Collective Bargaining 2: Behavioral Factors Influencing Union Bargaining Power
Strategic and tactical planning
One method for taking advantage of both the common and diverse interests of the membership of a local union is to approach bargaining as one aspect of a broader process of strategic planning. Strategic planning is a prospective and dynamic process through which an organization strives to mobilize its resources in a purposeful means of achieving clearly identified goals. Although there are many strategic planning models, the critical elements of a strategic planning process are outlined below.
- Identification of long-term goals
Point B on the diagram, above, illustrates the long-term goals of an organization. If an organization has a clearly defined mission, it is important to look to the future to determine major goals that need to be accomplished in three, five or more years into the future. Goals are the major accomplishments the organization needs to achieve in order to fulfill its mission. They should be realistic, dynamic and prospective.
- Identification of measurable steps to accomplish goals
Short-term goals or objectives are the measurable steps needed to reach each of the goals of the organization. The objectives and short-term goals of the organization are illustrated by line C on the above diagram. Objectives should be specific, reasonable and measurable. One of the easiest ways to adversely affect the planning process is to define goals and objectives that are beyond the realistic reach of the organization.
- Assessment of organizational strengths and weaknesses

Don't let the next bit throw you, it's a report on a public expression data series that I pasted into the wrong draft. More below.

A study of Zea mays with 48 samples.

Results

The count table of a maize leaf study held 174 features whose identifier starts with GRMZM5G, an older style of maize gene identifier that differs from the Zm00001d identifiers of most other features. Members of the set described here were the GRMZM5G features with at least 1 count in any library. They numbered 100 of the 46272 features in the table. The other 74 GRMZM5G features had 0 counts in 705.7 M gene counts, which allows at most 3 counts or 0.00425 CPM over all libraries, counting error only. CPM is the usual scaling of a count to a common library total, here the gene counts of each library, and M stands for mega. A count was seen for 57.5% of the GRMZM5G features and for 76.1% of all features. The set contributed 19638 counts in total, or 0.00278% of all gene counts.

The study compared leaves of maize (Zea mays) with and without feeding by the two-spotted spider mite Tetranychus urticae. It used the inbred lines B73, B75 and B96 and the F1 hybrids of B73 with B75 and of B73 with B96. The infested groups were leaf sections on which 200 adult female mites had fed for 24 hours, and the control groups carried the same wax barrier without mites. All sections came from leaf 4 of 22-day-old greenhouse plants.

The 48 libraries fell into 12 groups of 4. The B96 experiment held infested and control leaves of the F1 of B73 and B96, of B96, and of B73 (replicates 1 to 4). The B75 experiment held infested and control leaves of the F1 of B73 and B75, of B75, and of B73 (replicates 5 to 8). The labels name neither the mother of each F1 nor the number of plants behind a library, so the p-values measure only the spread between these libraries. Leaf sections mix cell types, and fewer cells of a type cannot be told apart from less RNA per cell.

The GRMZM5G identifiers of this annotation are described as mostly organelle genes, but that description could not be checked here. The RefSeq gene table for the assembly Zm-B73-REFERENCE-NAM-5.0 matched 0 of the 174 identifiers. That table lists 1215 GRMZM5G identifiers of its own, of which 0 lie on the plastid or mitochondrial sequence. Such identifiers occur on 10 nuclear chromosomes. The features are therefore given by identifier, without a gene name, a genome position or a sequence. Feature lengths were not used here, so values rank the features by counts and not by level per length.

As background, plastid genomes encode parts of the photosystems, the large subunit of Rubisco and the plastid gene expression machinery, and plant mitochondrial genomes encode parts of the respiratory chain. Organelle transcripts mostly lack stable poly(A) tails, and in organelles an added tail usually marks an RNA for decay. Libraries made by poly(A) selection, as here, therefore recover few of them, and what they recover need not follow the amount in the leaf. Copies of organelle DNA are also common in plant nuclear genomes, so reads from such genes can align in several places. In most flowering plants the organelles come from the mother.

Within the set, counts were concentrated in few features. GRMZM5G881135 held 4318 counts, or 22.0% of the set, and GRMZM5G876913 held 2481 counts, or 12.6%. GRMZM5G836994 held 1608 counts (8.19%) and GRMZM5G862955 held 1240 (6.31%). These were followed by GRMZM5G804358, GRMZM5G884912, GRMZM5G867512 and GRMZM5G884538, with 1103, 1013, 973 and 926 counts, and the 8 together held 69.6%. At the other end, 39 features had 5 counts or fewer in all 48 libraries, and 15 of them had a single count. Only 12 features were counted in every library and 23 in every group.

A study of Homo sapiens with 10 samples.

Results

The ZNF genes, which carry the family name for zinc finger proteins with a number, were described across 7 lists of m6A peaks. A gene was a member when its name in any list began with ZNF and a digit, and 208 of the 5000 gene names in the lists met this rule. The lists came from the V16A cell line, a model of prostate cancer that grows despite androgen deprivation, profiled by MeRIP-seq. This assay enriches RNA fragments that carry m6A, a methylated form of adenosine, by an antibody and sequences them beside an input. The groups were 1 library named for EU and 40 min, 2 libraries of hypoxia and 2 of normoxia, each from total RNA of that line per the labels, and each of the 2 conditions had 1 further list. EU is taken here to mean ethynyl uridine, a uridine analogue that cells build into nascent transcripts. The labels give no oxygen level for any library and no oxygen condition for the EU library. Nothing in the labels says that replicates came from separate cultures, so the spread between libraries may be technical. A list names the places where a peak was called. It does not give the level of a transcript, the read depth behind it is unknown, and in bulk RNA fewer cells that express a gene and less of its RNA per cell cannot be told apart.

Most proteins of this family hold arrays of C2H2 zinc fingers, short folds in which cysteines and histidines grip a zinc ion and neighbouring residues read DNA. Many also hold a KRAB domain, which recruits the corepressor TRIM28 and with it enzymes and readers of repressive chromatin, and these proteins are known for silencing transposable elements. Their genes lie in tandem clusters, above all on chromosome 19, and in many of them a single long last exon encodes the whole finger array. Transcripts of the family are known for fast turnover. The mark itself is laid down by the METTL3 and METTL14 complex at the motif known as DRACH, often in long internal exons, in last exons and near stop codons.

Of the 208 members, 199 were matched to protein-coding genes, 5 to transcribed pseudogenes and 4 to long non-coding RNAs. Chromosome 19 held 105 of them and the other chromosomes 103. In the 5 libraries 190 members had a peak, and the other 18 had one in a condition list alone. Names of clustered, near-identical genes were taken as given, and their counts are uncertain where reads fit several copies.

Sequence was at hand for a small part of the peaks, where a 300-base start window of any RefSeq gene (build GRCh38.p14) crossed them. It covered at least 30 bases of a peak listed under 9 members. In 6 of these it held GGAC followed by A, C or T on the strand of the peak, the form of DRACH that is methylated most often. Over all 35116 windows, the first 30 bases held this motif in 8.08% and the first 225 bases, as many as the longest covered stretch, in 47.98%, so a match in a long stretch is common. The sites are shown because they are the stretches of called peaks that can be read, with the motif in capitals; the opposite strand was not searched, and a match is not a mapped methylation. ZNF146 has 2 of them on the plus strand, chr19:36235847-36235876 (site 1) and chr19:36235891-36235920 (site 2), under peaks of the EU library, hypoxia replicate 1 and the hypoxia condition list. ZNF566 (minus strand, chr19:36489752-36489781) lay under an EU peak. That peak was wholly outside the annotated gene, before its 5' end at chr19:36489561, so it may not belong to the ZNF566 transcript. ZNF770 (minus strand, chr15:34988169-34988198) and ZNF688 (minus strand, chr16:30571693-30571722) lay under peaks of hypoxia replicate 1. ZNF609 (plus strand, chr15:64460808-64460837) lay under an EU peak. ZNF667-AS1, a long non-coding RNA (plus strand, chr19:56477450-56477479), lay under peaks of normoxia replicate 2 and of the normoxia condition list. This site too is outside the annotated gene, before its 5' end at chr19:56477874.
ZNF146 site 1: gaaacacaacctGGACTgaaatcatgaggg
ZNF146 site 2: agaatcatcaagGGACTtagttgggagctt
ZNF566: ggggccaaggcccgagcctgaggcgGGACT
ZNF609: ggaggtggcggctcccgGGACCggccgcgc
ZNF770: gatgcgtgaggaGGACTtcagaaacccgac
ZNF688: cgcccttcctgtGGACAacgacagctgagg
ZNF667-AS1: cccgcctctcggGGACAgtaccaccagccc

The heart of the planning process is an honest assessment of the organization's strengths and weaknesses and the external pressures that will make fulfillment of the mission either easier or more difficult. Strategic planning demands a critical internal assessment of the assets of the organization as well as internal factors that will be expected to impede accomplishment of goals. In the bargaining process, levels of membership support, the relationship between the local and the international, and the experience of negotiators and other officers are all examples of internal resources that need evaluation.
- Evaluation of external opportunities and threats
Just as a critical internal assessment is important in the planning process, it is essential to understand the external forces that will assist or hinder the organization's progress toward accomplishing goals and objectives. In bargaining, the economy, the company, other unions, the media and the community are all potential forces that can affect local union bargaining power.
- Establishing realistic expectations
Goals and objectives of the union in the planning process should be realistic. With an honest assessment of the internal resources and external forces that affect union strategy, the union should be able to identify concrete accomplishments that are within reach and those matters that would be nice but are probably unachievable. To maintain and build membership support, it is better to be able to demonstrate a capacity to reach the attainable rather than to fail to achieve the unrealistic dreams.
- Setting priorities
Establishing expectations and setting priorities among those expectations are examples of the direct relationship between a strategic planning process and the bargaining agenda of the local union. In the context of bargaining, the expectations and the priorities among those expectations are the demands of the union in the bargaining process and the bargaining agenda.
- Evaluating the results
The aspect of any local union planning process that is most often overlooked is evaluation. When everything is done, it is important to step back and reassess the planning and implementation. Where the goals met? If so, why and if not, why not? What can be done in the future to accomplish those goals that were not met this time? The planning process is dynamic, so that as soon as any objective is met or delayed, it is important to reassess the overall plan of the organization.